The community effort aims to recruit volunteers to help plant trees in several Charlotte communities. Sign up today and volunteer to plant trees around Charlotte.

The City of Charlotte, known for its financial centers and large number of places of worship, is also known for its trees. If you walk down many streets in Charlotte, you’ll be greeted by big, majestic trees that have been part of the local landscape for decades. Charlotte’s tree canopy is the city’s most recognized natural treasure and resource. But, it’s threatened. The city lost approximately three percent, or 9,475 acres, of its tree canopy between 2002-2008, and additional losses are projected from natural degeneration and development.

There’s currently a public/private collaborative effort underway, called TreesCharlotte, that is focused on addressing the need to plant, preserve and protect Charlotte’s trees to help make the city a more greener and healthier place to live, work and play. TreesCharlotte, initiated by the Knight Foundation, Foundation For The Carolinas and City of Charlotte in partnership with the Charlotte Public Tree Fund and Catawba Lands Conservancy, has a community goal to increase the city’s tree canopy by 50 percent by 2050.

This effort to plant trees, raise awareness in the community of the canopy and educate the public on tree care is being led by former CLC Executive Director Dave Cable. He believes TreesCharlotte is an important community catalyst for civic engagement and a natural fit for Catawba Lands Conservancy.

“TreesCharlotte is a great way the community can get involved, volunteer and make a difference in the health and sustainability of our region and in advancing urban conservation,” said Dave, who is the director for TreesCharlotte. “Trees play an important role in our region’s landscape – in addition to their beauty and benefits of increasing real estate values – trees provide many environmental and community benefits that are essential to our physical and social health.” Dave also added that trees also clean our air, reduce storm water run-off, cool our streets and reduce energy use.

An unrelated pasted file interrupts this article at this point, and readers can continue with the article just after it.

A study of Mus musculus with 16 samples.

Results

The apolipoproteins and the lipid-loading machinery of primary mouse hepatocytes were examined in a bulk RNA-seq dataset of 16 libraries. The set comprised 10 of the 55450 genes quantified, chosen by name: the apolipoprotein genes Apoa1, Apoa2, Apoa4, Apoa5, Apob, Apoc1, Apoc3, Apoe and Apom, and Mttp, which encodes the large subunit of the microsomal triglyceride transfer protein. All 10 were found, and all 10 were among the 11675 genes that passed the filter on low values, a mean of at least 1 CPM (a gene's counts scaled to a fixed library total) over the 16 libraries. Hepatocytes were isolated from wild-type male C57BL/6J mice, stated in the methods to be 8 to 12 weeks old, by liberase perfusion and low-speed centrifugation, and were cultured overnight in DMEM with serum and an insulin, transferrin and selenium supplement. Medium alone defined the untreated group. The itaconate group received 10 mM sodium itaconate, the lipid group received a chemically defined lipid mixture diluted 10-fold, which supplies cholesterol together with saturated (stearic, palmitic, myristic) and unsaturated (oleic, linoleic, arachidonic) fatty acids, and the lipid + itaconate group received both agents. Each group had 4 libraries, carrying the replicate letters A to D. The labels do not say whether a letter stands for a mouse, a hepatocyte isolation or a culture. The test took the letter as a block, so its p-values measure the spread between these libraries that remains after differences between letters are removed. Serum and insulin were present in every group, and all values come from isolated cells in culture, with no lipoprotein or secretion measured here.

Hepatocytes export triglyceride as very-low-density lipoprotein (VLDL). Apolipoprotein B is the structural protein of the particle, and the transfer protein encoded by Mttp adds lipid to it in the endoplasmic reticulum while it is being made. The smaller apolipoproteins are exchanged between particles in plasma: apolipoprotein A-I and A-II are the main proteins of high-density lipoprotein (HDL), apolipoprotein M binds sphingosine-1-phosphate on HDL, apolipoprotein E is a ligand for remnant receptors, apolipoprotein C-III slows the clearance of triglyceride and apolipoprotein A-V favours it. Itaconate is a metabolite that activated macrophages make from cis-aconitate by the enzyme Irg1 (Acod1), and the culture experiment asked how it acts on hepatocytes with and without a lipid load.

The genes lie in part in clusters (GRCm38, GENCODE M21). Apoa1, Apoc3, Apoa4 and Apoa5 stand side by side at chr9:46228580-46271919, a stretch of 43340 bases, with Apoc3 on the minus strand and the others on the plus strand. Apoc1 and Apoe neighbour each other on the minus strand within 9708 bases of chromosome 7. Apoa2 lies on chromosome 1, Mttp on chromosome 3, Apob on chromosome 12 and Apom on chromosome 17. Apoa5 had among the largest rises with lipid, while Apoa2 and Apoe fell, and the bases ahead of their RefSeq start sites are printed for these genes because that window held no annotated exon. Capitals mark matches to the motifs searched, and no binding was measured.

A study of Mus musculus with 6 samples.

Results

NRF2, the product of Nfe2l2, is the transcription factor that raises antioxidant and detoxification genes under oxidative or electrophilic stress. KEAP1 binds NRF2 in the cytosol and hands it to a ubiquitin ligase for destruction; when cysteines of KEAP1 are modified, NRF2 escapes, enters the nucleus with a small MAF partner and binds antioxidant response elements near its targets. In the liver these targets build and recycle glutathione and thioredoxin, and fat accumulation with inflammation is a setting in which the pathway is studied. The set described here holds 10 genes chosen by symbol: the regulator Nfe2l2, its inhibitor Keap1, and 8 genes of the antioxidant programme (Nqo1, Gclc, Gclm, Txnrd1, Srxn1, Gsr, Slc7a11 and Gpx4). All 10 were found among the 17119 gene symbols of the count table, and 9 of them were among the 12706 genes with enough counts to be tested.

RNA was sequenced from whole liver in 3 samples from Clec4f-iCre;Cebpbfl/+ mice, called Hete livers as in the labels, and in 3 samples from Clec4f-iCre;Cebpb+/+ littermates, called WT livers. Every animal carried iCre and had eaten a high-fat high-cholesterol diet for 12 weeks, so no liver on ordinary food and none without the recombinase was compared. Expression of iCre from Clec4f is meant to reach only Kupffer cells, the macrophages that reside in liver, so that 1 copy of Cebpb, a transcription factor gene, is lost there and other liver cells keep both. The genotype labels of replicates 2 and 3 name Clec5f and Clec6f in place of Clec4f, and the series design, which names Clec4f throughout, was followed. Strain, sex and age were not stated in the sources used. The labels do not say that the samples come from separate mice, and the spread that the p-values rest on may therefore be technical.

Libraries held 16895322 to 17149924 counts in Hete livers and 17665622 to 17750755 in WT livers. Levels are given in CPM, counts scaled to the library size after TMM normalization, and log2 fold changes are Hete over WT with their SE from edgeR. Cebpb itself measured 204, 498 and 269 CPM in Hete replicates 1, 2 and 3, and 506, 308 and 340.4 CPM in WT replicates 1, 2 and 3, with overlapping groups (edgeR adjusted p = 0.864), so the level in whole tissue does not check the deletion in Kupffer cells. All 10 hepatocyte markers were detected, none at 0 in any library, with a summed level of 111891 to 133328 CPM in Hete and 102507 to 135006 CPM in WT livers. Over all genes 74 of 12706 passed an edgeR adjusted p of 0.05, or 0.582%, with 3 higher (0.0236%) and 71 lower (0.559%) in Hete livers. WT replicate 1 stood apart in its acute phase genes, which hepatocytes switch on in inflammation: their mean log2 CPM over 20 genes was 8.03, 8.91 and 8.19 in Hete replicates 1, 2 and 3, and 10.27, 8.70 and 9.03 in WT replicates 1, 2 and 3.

CLC will lead the NeighborWoods program of TreesCharlotte, an effort that will manage the planting of nearly 3,500 trees each year. NeighborWoods will strategically align communities that have a reduced amount or little existing tree buffer with volunteers who can plant small or medium maturing trees. CLC will recruit and manage corporate and community volunteers to plant trees in these various neighborhoods. CLC will also work in conjunction with the City of Charlotte which will identify the communities, schedule tree plantings and seek partners or sponsors. Heike Biller, CLC’s administrative director, is managing the NeighborWoods planting events and volunteer recruitment.

“This is a great and tangible way many children and families can actively participate in an effort to help improve our community and make a lasting difference for conservation,” said Heike.

CLC is recruiting volunteers now for monthly TreesCharlotte NeighborWoods tree plantings. Upcoming tree plantings are scheduled for Dec. 1, 2012 and January 12, 2013. If you are interested in volunteering, please contact Heike at heike@catawbalands.org or 704-342-3330, x210.